But they aren’t deliberately designed to have poor surface detail. As I mentioned previously, from what I remember of the Airfix talk I attended (plus I know one of their designers contributes to another forum), they are often as frustrated as we are about quality. They are well aware of the issues. It’s not like they’re going to read or get told any criticism and think “damn, why didn’t we think of improving our moulds?” Or whatever. It’s in no way as simple as that. These guys are at the top of their game, but they are working under production constraints defined by economics. The frustration I have (manifested in what might seem overly harsh criticism) is that they release great subjects, beautifully presented and with more online insight into their design process than any other manufacturer, yet the bottom line for me is the end result (the kit itself) simply doesn’t match the promise of all that other superficial stuff.
  2. Airfix Quality

    You can't make a judgment without a direct comparison, see my post with the wings...
  3. Airfix Quality

    Judge for yourself. I've taken the liberty of giving the J2M wing a coat of white Tamiya primer (ran out of grey!). I built that Lysander nearly 40 years ago, so excuse the paintwork. I'd maintain that the 2011 Airfix Zero (right) is closer in refinement to the 1974 Matchbox Lysander (centre) than it is to the 1977 Hasegawa J2M (left). And that the Hasegawa surface details are significantly more refined than the Zero. Matchbox are often (rightly) maligned for their trenches, but would you seriously judge the Airfix offering a significant/acceptable improvement after 37 years?
  4. Corvette K-165 "Battleford" Paper model

    No comment...
  5. Airfix Quality

    The Ki-61 is similar quality. I'm only going on what Scalemates says about the provenance of the kits. Either way, it's at least 34 years younger. I'd go as far as to say Airfix are nearer some of the old Matchbox panel line territory. I've got their '72nd Lysander (1974) on my bench right here, and the panel lines on that are easily comparable with the 2011 Airfix Zero.
  6. Airfix Quality

    Not worth it - they'll be reading this forum. Plus they're already well aware of where they stand in comparison with Eduard, Tamiya etc. Does anyone seriously think they don't know all this stuff already? I was at one of their talks a few year back (held at where I work). I'd mentioned on a model forum that I'd be going - firstly out of interest, secondly becasue of the issues I'd noted on the forum about their new tool Hurricane. During the presentation, the guy presenting asked if I was there! They are nice guys, undoubtedly very talented at what they do, but let down (and I think it's fair to say as frustrated as we are) by manufacturing constraints. It's as simple as that I think.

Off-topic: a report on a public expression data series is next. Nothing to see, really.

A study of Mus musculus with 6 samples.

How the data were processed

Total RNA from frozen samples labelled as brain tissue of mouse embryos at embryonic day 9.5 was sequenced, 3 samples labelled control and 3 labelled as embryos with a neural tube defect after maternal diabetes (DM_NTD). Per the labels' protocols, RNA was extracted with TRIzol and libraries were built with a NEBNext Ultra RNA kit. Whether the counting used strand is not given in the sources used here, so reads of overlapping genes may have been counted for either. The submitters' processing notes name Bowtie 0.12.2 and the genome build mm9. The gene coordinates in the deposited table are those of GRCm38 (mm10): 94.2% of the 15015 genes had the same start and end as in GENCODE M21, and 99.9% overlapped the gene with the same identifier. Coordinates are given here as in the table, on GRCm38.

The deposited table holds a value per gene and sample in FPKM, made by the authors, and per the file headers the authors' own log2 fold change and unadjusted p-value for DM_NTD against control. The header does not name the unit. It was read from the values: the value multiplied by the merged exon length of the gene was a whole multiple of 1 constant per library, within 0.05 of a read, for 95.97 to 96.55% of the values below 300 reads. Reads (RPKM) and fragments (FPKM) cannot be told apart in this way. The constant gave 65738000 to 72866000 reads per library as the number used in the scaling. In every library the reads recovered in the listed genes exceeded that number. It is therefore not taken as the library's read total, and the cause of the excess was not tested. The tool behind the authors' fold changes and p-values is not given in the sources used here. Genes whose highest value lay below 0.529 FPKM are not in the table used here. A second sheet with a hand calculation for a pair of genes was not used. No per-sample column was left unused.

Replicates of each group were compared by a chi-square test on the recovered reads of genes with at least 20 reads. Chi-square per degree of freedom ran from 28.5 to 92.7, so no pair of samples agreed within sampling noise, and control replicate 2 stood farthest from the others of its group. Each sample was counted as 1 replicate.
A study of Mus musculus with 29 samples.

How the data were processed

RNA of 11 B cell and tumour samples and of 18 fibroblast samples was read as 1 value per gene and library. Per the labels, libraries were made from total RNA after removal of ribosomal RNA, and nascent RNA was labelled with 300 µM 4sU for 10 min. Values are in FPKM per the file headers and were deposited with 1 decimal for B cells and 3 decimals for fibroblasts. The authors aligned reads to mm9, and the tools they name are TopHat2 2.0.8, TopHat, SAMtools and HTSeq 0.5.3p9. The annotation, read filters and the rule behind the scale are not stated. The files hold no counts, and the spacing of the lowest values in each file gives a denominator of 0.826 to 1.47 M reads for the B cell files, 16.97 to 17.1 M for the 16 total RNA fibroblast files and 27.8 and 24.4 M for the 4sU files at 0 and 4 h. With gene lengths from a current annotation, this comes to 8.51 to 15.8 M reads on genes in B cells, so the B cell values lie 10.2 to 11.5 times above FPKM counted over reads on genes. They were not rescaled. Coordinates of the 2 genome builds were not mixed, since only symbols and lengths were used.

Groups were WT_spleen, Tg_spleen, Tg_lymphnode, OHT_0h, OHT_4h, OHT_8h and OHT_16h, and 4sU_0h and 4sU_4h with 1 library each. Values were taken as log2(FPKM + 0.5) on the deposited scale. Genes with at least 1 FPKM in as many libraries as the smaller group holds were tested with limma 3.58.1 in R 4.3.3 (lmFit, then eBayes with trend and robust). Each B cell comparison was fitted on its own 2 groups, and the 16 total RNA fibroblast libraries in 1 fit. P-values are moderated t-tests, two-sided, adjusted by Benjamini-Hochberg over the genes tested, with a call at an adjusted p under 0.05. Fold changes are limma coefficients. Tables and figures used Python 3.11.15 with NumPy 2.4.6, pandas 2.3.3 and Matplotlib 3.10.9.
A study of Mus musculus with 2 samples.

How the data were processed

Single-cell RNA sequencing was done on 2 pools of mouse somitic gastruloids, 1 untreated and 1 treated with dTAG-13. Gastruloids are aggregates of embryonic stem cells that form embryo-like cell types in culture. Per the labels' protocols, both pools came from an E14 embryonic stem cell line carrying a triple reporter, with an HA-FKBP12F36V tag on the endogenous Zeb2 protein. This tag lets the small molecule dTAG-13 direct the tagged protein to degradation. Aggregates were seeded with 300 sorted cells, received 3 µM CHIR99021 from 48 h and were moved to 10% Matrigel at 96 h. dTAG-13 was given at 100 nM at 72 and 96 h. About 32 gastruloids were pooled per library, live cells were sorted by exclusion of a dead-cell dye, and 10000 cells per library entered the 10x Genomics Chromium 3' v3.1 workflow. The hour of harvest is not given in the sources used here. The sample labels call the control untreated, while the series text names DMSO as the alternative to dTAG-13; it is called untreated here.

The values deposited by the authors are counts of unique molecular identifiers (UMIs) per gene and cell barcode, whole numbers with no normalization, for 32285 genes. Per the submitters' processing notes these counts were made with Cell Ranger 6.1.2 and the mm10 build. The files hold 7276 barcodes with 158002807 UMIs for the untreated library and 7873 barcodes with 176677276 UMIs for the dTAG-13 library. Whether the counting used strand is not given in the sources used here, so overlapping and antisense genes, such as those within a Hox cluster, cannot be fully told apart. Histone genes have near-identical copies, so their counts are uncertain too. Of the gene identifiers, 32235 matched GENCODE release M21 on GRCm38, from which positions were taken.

7. Airfix Quality

    I think your being unkind to Hasegawa there. I picked up their old 1977 vintage 1:72 J2M "Jack" and a Ki-61 "Tony" for something like £4 each at Cosford a few yeas ago, and was amazed at the quality. Here is a comparison of mouldings: The 2011 Airfix Zero vs. the 1977 Jack. I should have given them both a coat of Tamiya primer to normalise the contrast, but subjectively, the finest details of the Hasegawa moulding look to be about half as deep and half as wide of the newer Airfix one. Remember the Airfix Zero is 34 years younger... I'd be very interested to see an objective comparison of panel lines from the original "new tool" Airfix Spitfire from (2010?), and their 2011 Zero, or even the new Phantom. I'd bet good money that there would be no significant difference in the widest lines from then to now. I don't think it's anything to do with the skill of the Airfix designers (I'd expect them to be among the best in the industry) or them having an "A" or "B" team (I assume they don't have enough staff for that). It's a question of how much they are willing to pay their sub-contractors to do the toolmaking and moulding. You get what you pay for. I wish they'd stick to 1:48 (or even move to 1:32) scale, then they would easily stand comparison with the best in the business...at a price.
  8. Corvette K-165 "Battleford" Paper model

    Thanks all!
  9. Corvette K-165 "Battleford" Paper model

    Much appreciated. Shame about the hull sides, otherwise a pretty good kit. I think Battleford also had artwork on her main gun, but I couldn’t find a good enough image to print.
  10. Arizona

    Beautiful work! Almost makes me want to ditch paper and use plastic and brass instead..
  11. Finished images here: Thanks for all the positive comment along the way!
  12. HMCS Corvette K-165 "Battleford", Royal Canadian Navy, 1941. Built from paper, wire, clear acetate and sprue/elastic. HMV kit, scale 1:250 Build thread here: Thanks for looking!
  13. Actually, they were made by my pal, whose got even more rigging to do than me...
  14. So rigging complete, masked the base up ready for matt varnishing (almost forgot to mask the windows...): So, assuming the varnish doesn’t attack the ink (like it did on the <<Mellum>> almost exactly 12 months ago), the next post should be finished pictures.
  15. Airfix Quality

    If Airfix ever get to the stage where their panel lines are to modern standards, I've often wondered if all the great subjects they've released as "new tools" could be modified to incorporate the refined details? If so, brilliant. If not, I think they're destined to end up with a catalogue of great boxes containing what will, as other manufacturers push the boundaries, increasingly be seen as second rate (or worse) kits.